Part 1 - District crafts plan and anticipates changes students, staff and parents will see in the coming school year


Conveniently for an incoming public school superintendent, the arrival of Kym LeBlanc-Esparza in July 2012 coincided with the end of the district’s previous strategic plan.

LeBlanc-Esparza began her tenure by hosting a series of public forums with parents, students and staff that both introduced her to the community and gave her a chance to learn what Newberg expected of its public schools.

Those meetings, many of which were specifically focused on learning in the 21st century, provided much of the input LeBlanc-Esparza and her staff needed to craft a roadmap for the district for the rest of the decade.

Coming from Colorado, LeBlanc-Esparza approached the task with one main question in mind: What are the skills students need to compete locally, nationally and globally in any field, college, trade, job or career in the 21st century?

“That was the only real lens I used walking in, so I needed to hear from the community what they thought 21st century skills were and make sure that aligned with what I knew, all the research and publications were saying students of the 21st century will need,” she said. “I would say there was probably 90- to 95-percent overlap.”

Although both sides were quite close, what stood out to the superintendent and senior staff as unique to Newberg was the community’s emphasis on citizenship and being service-oriented, including digital citizenship, and also financial literacy.

Still, all the feedback had to be distilled into five priorities that were both achievable and verifiable.

“You can have 100 different priorities but you’re never going to do any of them well,” LeBlanc-Esparza said. “We really needed it down to five really big themes that would be our priority and then those would guide us building goals from there.”

Although not strictly written into priority No. 1, LeBlanc-Esparza says the district intends to prepare students for an ever-changing landscape by building what the district is calling the five Cs of 21st century learning: Critical thinking, creativity, communication, collaboration and citizenship.

Teaching 21st century skills is mostly covered in the first of the five priorities (as well as the vision and mission statement), but LeBlanc-Esparza puts as much emphasis on the goal of collective responsibility that is at the core of priority No. 2.

Using an inclusive approach to crafting the plan was critical in her eyes, not only as the right way to do it, but also because accomplishing the goals of the plan will require high levels of cooperation and investment from all parties. That just happens to be one of the less tangible and therefore long-term goals of the plan.

“It benefits us all to make sure that our kids are successful because that’s how our community is successful,” LeBlanc-Esparza said. “Any time you’re building expectations, building culture and building processes to make that happen, that’s over a three- to seven-year period of time. It will take us time to do that really well.”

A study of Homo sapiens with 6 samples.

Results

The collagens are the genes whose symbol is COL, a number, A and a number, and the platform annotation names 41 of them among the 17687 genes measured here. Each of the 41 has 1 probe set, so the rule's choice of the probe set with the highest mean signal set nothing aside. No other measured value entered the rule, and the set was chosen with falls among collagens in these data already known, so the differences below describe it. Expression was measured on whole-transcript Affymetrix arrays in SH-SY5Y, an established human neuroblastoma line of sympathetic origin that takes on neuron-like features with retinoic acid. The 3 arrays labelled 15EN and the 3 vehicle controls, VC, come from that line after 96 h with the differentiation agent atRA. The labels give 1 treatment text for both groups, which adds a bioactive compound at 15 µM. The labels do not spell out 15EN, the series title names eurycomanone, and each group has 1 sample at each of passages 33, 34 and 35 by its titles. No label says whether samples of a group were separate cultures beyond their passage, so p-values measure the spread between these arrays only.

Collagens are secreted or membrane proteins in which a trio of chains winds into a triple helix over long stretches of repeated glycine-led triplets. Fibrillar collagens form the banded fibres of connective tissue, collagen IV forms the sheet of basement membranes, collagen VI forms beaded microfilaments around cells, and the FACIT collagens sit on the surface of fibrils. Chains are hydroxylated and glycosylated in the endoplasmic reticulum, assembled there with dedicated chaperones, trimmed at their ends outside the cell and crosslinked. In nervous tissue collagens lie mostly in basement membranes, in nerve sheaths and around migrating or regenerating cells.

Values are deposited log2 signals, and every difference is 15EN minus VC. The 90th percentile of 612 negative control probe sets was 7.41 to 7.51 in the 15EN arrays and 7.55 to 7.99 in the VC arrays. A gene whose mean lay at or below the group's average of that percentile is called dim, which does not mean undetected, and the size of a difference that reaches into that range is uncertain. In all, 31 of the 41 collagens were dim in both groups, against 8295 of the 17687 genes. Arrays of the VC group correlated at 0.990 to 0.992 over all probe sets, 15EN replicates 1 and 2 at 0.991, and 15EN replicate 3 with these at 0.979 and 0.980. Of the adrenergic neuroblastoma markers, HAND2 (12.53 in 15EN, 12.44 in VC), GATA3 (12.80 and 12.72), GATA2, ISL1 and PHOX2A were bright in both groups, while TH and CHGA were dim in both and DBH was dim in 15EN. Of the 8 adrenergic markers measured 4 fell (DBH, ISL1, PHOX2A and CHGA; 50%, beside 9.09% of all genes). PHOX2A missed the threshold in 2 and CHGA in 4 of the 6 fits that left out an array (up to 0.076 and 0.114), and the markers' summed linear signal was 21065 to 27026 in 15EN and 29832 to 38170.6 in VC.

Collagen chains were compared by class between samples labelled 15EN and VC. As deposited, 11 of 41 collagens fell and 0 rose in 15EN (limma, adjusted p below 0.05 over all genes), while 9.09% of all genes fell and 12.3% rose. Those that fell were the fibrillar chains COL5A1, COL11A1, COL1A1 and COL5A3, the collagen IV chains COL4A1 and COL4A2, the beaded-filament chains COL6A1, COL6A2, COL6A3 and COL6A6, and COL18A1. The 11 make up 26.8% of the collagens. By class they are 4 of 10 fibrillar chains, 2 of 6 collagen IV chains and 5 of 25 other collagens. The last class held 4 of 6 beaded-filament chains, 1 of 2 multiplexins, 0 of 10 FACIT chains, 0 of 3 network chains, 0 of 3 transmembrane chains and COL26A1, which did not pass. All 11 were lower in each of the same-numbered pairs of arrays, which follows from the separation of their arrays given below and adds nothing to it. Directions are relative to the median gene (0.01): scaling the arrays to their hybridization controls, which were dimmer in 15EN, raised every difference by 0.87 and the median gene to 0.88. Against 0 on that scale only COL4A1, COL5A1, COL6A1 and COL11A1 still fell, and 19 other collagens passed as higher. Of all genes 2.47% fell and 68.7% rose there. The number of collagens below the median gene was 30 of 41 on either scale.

Supporting the teaching of science, technology, engineering and math (STEM) is both a critical piece to achieving the first priority and one of the actionable goals of priority No. 3, which focuses on providing high-quality instruction.

Among the plan’s priorities to receive immediate attention was No. 4, which calls for aligning resources to accomplish the district’s goals.

That effort started by having IT professionals audit the entire district.

“Everything that they outlined as a real critical need have already been accomplished,” LeBlanc-Esparza said.

Not surprising for a forward-looking document, the plan’s fifth priority calls for systemic and strategic planning to ensure continued success in the future.

LeBlanc-Esparza said she believes that intentionality, which the strategic plan represents, will be vital to any success in the near and distant future and says she’s seen that over the course of the past two years.

“The fun part of what we’re seeing is everybody starting to use the same language, recognizing the same priorities and recognizing that we should do nothing randomly,” LeBlanc-Esparza said. “We should have purpose with everything we do and it should all align with the same goal.”

Strategic plan for 2014-2020

Vision

Newberg School District students will graduate with the knowledge and skills needed to be successful, contributing citizens of the 21st Century.

Mission Statement

In partnership with parents and our community, the Newberg School District will educate all students to achieve their full potential as knowledgeable, self-assured citizens ready for college and/or careers.

Priorities

– Provide a high-quality, well-rounded and healthy educational experience to all students that is engaging, rigorous and culturally relevant.

– Build strong relationships with families, community and students to promote trust, support and collective responsibility for student success.

– Align resources to accomplish goals within a balanced budget.

– Ensure that every classroom has a high-quality, effective educator supported by strong leadership and staff.

– Plan systematically and strategically so that the Newberg School District continues to succeed and thrive into the future.